A Disciplined Mind Has Led To Extraordinary Success for 15-Year-Old Professional Archer Bodie Turner


Bodie just won “The Vegas Shoot” in the Men’s Pro Division with his compound bow as a 15-year-old. As the largest archery tournament in the world with nearly 4,000 shooters, this young man with laser focus took home over $75,000 in prize and contingency money. Twenty-two professionals made it to the final shoot-off by hitting a score of 900 out of 900 over the course of three days. These finalists had to take on the ultimate skills test by shooting shot for shot against their competitors.

For winner Bodie Turner, that meant shooting a target the size of a penny 24 times in a row from 20 yards away, with thousands of people watching. In the final battle, which was indeed a discipline of performing with Jedi-like mind control, the last archer missed shot number 24, and Bodie didn’t. As the youngest champion in the history of this tournament, Bodie has made significant waves as a professional archer who has a bright future ahead.

“I was hyper-focused and felt nervous but confident,” the champion explained. “I shoot every day. When I get home from school, I shoot my bow, usually until dark. Sometimes it’s five arrows, and sometimes it’s 500.”

Winning the title wasn’t something Bodie expected. “I was surprised to win. I knew I had a chance given this last year of growth and success, but it was still surreal,” Bodie continued. “These are the best archers in the world in every category, and I was excited to be shooting alongside my heroes. The archery community is very supportive. They all gave me a hug and congratulated me.”


If you are a serious archer, you have probably heard the name Joel Turner, Founder of Shot IQ. Joel is well-known as a top educator in the field of archery, helping thousands overcome what is described as “target panic.” Known simply as “Papa” by his son Bodie, these two have been shooting arrows together since Bodie was 17 months old. Joel would wear his son in a front pack before he could walk and have him hold the arrows while he trained.

Joel has recently retired from his position as Sergeant of the Yelm Police Department and Team Leader for the Thurston County SWAT team. “I’m looking forward to spending more time at tournaments with Bodie as we both compete, but in different divisions as I shoot traditional archery,” explained Joel. “Bodie paid attention. He put in the time, and we shot together every day. I never sat him down and said this is what you have to do. He was interested,” explained the elder Turner. “I understood the science of shot control, and he learned through watching me teach others. Our lives have revolved around archery since he drew a bow back for the first time. He was given the tools, and he is driving his own motivation to grow. He’s had this determination from a very young age.”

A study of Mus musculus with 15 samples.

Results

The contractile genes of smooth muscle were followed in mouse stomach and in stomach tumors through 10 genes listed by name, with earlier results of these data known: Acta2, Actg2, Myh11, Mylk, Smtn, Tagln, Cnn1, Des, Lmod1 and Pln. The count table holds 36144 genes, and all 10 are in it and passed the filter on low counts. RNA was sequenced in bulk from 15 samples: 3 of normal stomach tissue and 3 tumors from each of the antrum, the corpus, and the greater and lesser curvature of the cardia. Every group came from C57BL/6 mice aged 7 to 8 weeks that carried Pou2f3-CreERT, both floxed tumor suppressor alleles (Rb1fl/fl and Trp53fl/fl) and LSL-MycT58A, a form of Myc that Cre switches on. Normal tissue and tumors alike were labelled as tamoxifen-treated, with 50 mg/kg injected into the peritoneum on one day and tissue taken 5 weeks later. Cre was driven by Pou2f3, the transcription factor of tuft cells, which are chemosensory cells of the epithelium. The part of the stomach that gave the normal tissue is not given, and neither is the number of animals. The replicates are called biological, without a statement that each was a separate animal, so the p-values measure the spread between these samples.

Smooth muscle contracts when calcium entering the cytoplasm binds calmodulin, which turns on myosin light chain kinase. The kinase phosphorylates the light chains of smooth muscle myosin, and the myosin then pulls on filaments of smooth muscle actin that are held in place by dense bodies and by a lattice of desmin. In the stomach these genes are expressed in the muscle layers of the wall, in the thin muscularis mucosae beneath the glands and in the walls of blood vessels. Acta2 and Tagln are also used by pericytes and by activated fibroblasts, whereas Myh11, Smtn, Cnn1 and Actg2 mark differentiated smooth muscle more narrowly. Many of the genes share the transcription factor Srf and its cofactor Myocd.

Just one week before winning The Vegas Shoot, Bodie celebrated a historic win as the youngest at age 14 and the third person to ever shoot a 660 out of 660 at Lancaster Archery Classic (a perfect score). The scoring ring is once again the size of a penny which he shot flawlessly, 60 times in a row, with an audience of a couple of thousand who live-streamed the event. He eventually placed third in the Men’s Open Pro, taking home a prize of $5,000. He also won the National Championship at the Outdoor Target Nationals in South Dakota in the Young Adult Division, ages 15-17 in 2021.

“I love the community,” says Bodie. “It’s a year-round sport that can be done indoors and outdoors, and it’s accessible to anyone. Me and my dad helped teach the U.S. Paralympics Archery Team in Salt Lake City in 2019. I enjoyed this opportunity and was really inspired.”

Bodie is often found shooting his bow at Archery World in Lacey or Skookum Archers in Puyallup. Since his recent success, many of his friends at school are now shooting bows and finding interest in archery, which Bodie thinks is cool. What are the goals for an ambitious young man who has already accomplished so much? “I want to represent the United States Archery Team in the World Archery Competition.”